So far I have a lower bound of
and an upper bound of
For the upper bound, consider the following simple strategy:
- Ignore 0's
- If there's two $n$'s, change them to $n-1$ and $n+1$.
- Otherwise, create two 1's.
Let's keep ignoring 0's and pretend that we can add a single 1 for half a step. We argue that at any point, each number appears once, except at most one number appears twice. We need that invariant that whenever $n$ appears twice, $n-1$ does not appear. Then, when we replace $n,n$ with $n-1,n+1$, there's at most one $n-1$, at most two $n+1$'s, and no $n$'s appear, so the invariant is maintained.
The invariant is also maintained when we create a single $1$ because there are no pairs (remember we're ignoring 0's). In reality, when we create two ones, the invariant is maintained as long as we can ignore a single 1.
So, at the end when $100$ is created, there can be at most one of each number plus an extra 1. Moreover, there cannot be a double since we just acted on $99$ and there are not two $100$'s. And, there cannot be a 99. So, at most, the numbers $1$ through $100$ can appear, with no $99$ and an extra $1$.
By the invariant argument below, this end position correspond to this number of steps:
First, a weak lower bound for the number of steps it takes is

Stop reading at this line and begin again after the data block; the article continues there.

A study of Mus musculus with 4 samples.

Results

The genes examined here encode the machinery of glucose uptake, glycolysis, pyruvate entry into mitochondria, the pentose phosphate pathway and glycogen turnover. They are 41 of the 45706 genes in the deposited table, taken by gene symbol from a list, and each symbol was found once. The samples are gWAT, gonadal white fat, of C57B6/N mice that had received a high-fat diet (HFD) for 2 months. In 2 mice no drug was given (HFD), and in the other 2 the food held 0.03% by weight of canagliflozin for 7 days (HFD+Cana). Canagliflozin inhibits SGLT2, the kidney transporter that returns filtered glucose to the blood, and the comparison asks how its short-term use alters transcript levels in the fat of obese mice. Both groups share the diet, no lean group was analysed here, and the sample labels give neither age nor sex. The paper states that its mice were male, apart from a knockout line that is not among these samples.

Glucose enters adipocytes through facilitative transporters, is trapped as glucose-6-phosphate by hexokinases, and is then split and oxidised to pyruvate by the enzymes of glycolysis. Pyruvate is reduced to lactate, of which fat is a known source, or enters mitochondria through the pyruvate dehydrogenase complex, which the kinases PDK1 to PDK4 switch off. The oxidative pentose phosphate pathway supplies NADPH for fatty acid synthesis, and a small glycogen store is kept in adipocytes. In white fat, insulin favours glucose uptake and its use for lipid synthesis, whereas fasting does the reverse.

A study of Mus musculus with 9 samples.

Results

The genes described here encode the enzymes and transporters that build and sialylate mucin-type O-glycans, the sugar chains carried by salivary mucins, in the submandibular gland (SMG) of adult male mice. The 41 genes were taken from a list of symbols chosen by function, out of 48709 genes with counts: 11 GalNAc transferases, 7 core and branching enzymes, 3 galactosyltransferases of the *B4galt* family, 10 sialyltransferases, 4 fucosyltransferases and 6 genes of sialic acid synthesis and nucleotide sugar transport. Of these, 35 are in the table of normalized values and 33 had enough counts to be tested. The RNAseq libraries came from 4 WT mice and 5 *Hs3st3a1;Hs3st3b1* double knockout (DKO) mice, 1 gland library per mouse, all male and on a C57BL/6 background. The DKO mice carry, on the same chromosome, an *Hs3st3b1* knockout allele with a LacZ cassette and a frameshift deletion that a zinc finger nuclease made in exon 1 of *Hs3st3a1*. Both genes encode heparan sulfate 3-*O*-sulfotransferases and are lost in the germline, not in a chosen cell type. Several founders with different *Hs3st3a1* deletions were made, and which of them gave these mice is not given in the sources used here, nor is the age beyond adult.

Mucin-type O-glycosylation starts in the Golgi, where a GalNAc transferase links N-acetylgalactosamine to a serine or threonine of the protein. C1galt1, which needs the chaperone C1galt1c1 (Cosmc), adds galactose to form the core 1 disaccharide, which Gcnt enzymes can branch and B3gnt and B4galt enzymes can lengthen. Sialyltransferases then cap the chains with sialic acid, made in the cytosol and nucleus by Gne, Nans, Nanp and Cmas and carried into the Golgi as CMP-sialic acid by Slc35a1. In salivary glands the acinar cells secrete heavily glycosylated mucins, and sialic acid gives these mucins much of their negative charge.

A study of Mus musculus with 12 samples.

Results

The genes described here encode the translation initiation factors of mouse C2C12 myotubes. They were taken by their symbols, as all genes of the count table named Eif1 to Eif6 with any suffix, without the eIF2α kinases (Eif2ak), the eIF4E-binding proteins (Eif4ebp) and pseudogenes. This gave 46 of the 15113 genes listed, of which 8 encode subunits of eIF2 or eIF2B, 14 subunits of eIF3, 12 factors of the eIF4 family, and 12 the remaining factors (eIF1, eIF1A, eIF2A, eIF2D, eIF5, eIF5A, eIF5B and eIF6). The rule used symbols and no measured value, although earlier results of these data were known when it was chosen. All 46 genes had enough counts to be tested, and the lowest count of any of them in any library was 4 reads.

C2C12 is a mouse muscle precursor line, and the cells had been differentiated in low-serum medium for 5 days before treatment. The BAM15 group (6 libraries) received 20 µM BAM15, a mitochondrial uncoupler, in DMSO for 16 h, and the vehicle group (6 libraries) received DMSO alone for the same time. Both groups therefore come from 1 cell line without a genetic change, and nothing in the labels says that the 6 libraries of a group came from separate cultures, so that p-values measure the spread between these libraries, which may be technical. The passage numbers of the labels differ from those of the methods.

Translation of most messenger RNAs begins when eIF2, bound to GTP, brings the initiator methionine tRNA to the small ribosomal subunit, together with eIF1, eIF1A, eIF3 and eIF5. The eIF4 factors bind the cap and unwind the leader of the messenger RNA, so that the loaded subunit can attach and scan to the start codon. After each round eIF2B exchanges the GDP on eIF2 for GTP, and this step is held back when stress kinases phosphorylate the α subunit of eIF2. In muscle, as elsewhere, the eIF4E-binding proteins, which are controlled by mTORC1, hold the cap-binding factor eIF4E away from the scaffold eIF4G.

$5000 = 100^2 /2$
We look at the statistic
the sum of squares of the numbers on the whiteboard
Each move, causes the statistic
to increase by 2. Adding two 1's clearly does so. Replacing $n,n$ with $n-1,n+1$ changes the statistic as $(n+1)^2+(n-1)^2-n^2-n^2 = 2$.
This gives the lower bound because
the statistic starts at 0 and must end at least at $100^2$ for the number 100 to be on the board.
However, this lower bound cannot be sharp because
the number 100 cannot be left on the board alone. It must also appear with 98.
We can improve the lower bound to
observing that after the blackboard contains one of $a,a+1$, that fact must be true from then on, since removing an $a$ creates an $a+1$ and removing an $a+1$ creates an $a$. Since every number must be created on the way to $100$, the minimum possible statistic at the end is $100^2 + 98^2 + ... + 2^2 + 0^2$, which is $171700$, so the number of required moves is at least half of that.